On the morning of July 7, 2005, Mohammad Sidique Khan, Shehzad Tanweer, Hasib Hussain and Germaine Lindsey met and headed to London by train. The suicide bombers went on to detonate four bombs, three on the London Underground and one on a double-decker bus.
Lack of Public Inquiry
12 years on, criticism is circulating about the lack of public inquiry into the 7/7 bombing, despite continued calls by the relatives of the victims and survivors for an official inquiry.
In 2010 – 11 an inquiry described as a ‘mockery of an inquest’ was held following public pressure. The inquest was led by Lady Justice Hallet, who was acting on the advice of the Ministry of Defence (MoD).
According to a (2) report in the Plymouth Institute for Peace Research (PIPL), the inquest was closed to the public and the report from the inquiry is a mere 65 pages in length. The PIPL’s report was published in 2015 to mark the ten-year anniversary since the atrocity took place.
The inquest report, says PIPL, cites anonymous witnesses and spends an “Inordinate amount of time” focused on the background of just two of the suspects, as well as on the response of the emergency services.
During the inquest, no autopsies were carried out on the 52 victims and Hallett had relied on the MoD Colonel’s opinion that the victims had died as a result of the explosions.
Debate emerged over the result of the explosions. The police widely reported that the devices used in the attacks were homemade hydrogen peroxide bombs. However, experts in terrorism claim the bombs were of a military grade. Despite the conflict in opinion over the explosives, no forensic evidence was published concerning how they were made.
The PIPR report, which claims that still no justice has been done for the victims and survivors of the deadly terrorist attack in London in 2005, also points to how Hallett chose not to include the suspects in her inquest.
Instead of putting the four suicide bombers who were responsible for the bombings and therefore making the total number dead 56, Hallett put the number dead at 52.
“This is official and inadvertent recognition that no suicide bombers were present or indeed perished on 7 July, 2005.”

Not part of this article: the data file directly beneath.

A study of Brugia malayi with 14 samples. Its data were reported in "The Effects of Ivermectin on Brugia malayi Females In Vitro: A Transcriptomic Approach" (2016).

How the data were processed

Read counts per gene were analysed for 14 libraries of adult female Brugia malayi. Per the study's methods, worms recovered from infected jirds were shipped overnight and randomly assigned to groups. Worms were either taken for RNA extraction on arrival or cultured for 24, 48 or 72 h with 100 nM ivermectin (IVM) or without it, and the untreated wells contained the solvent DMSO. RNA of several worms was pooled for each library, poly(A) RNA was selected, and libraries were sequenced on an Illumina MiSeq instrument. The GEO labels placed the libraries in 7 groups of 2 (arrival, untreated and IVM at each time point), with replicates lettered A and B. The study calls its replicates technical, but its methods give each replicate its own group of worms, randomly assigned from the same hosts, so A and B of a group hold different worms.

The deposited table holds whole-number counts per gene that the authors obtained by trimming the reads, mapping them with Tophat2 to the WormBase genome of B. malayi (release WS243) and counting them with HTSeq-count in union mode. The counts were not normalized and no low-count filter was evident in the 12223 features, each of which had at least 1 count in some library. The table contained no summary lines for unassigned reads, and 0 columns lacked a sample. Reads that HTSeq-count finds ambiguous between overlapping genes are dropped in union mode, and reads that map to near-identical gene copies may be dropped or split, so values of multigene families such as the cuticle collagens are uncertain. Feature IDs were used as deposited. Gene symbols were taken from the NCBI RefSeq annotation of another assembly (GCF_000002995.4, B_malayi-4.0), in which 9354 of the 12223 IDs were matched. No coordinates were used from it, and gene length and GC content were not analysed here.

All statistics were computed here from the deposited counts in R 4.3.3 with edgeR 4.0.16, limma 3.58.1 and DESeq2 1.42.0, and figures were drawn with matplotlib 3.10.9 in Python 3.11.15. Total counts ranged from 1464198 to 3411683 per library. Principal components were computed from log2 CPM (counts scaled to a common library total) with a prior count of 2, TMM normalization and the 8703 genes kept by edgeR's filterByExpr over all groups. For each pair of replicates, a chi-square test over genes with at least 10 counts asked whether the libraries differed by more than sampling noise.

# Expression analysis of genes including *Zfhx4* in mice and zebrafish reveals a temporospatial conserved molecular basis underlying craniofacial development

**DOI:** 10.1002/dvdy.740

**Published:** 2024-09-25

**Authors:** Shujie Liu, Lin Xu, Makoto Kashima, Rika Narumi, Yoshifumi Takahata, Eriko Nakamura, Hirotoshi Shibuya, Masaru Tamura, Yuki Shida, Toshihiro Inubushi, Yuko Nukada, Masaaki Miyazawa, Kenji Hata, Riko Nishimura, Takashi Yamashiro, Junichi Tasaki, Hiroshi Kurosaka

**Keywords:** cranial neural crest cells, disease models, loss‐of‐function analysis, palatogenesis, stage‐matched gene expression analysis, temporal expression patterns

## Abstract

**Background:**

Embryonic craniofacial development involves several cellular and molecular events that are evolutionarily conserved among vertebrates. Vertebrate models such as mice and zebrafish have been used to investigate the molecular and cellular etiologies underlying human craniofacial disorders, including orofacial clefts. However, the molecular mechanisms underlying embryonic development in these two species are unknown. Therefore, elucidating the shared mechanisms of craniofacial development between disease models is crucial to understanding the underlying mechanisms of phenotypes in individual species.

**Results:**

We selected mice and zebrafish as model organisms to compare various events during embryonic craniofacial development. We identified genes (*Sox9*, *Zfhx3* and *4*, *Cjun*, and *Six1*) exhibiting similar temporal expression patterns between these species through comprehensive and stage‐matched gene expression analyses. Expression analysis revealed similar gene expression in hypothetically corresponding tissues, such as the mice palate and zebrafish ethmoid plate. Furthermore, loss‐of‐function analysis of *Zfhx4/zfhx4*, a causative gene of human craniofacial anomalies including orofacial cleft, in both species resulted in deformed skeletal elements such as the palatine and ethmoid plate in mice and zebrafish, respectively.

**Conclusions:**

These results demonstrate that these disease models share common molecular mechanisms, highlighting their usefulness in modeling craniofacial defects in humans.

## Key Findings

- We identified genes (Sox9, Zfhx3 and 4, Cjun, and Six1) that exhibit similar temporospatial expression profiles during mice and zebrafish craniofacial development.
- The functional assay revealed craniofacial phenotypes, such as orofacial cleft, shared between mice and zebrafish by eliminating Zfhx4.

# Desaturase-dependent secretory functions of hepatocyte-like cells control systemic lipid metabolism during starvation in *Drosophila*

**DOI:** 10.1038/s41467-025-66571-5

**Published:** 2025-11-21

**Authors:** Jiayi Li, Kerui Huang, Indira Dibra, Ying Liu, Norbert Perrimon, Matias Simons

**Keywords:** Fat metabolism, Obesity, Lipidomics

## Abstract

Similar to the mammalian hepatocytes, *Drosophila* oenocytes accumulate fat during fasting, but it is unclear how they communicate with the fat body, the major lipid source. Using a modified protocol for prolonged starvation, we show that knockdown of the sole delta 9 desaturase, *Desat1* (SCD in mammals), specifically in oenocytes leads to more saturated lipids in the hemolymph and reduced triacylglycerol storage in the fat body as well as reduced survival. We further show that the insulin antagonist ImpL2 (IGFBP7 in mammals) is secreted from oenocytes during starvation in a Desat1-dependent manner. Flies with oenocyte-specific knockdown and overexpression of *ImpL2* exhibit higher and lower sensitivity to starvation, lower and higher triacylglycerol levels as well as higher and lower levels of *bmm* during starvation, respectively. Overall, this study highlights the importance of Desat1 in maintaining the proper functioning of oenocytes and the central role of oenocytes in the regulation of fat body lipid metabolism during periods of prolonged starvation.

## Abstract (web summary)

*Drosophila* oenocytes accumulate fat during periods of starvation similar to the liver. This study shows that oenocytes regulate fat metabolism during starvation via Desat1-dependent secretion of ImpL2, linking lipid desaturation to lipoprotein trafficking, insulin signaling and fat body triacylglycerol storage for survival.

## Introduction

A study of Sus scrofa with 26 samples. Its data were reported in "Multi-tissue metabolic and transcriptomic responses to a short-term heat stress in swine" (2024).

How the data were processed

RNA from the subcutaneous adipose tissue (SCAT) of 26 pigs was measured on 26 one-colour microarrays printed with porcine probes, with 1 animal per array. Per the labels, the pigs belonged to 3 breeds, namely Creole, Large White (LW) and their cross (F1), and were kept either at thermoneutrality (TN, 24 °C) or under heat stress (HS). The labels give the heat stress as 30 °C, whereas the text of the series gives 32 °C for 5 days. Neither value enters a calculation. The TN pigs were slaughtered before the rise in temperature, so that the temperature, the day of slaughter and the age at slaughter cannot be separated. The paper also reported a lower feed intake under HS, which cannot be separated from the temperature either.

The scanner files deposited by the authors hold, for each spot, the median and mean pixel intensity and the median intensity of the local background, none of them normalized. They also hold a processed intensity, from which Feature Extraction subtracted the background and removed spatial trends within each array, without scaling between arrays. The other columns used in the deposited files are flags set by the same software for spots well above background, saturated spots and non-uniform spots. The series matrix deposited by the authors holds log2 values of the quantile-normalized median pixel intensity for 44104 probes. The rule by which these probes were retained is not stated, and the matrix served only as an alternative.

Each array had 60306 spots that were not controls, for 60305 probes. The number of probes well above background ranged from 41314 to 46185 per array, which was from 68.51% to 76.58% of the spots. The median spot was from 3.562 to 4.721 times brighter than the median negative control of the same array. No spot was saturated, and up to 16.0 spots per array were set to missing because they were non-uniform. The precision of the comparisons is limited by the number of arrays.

On top of what many believe to be an inadequate inquiry, the public record about the 7/7 attacks titled ‘RE Conspiracy Theories – What Happened at Canary Wharf on 7/7’, has been closed.
Mockery of an Inquest
Held by the (3) National Archives, Kew, the record, which dates from December 30, 2010, has been closed for 100 years.
A so-called ‘mockery of an inquest’, together with the fact the public record on the Canary Wharf terror attacks has been closed for 100 years, provide a breeding ground for conspiracy theorists to make claim 7/7 is the victim of some kind of government coverup.
The lack of official information about 7/7 has contributed to the swarm of questions being asked about what really happened in London on July 7, 2005.
Former Guardian journalist, Mark Honigsbaum has been implicated with ‘accidentally fuelling 7/7 conspiracy theories.’ Working for the Guardian at the time, Honigsbaum went to the incident on Edgware Road as the chaos was unravelling.
The journalist spoke to two witnesses, who told him ‘they believed’ the explosion had come from ‘the undercarriage of the train.” Honigsbaum filed an audio report for the paper stating it “was believed” the explosion had occurred under the train. It was later verified from witnesses’ closer to the scene that the explosives had gone off in the carriage itself.
Nonetheless, Honigsbaum’s report formed the basis for criticism that the official account of the bombings was inaccurate and, (4) according to the Huffington Post: “Showed how ‘Black Ops’ were really behind the attacks.”
Like 9/11, the 7/7 terrorist atrocities in London have been the subject of conspiracy theories on the blogosphere. Whilst some conspiracies may hold greater credibility and plausibility than others, it is difficult not to be wary of the UK’s decision to coverup official files about the terrorist attacks for 100 years.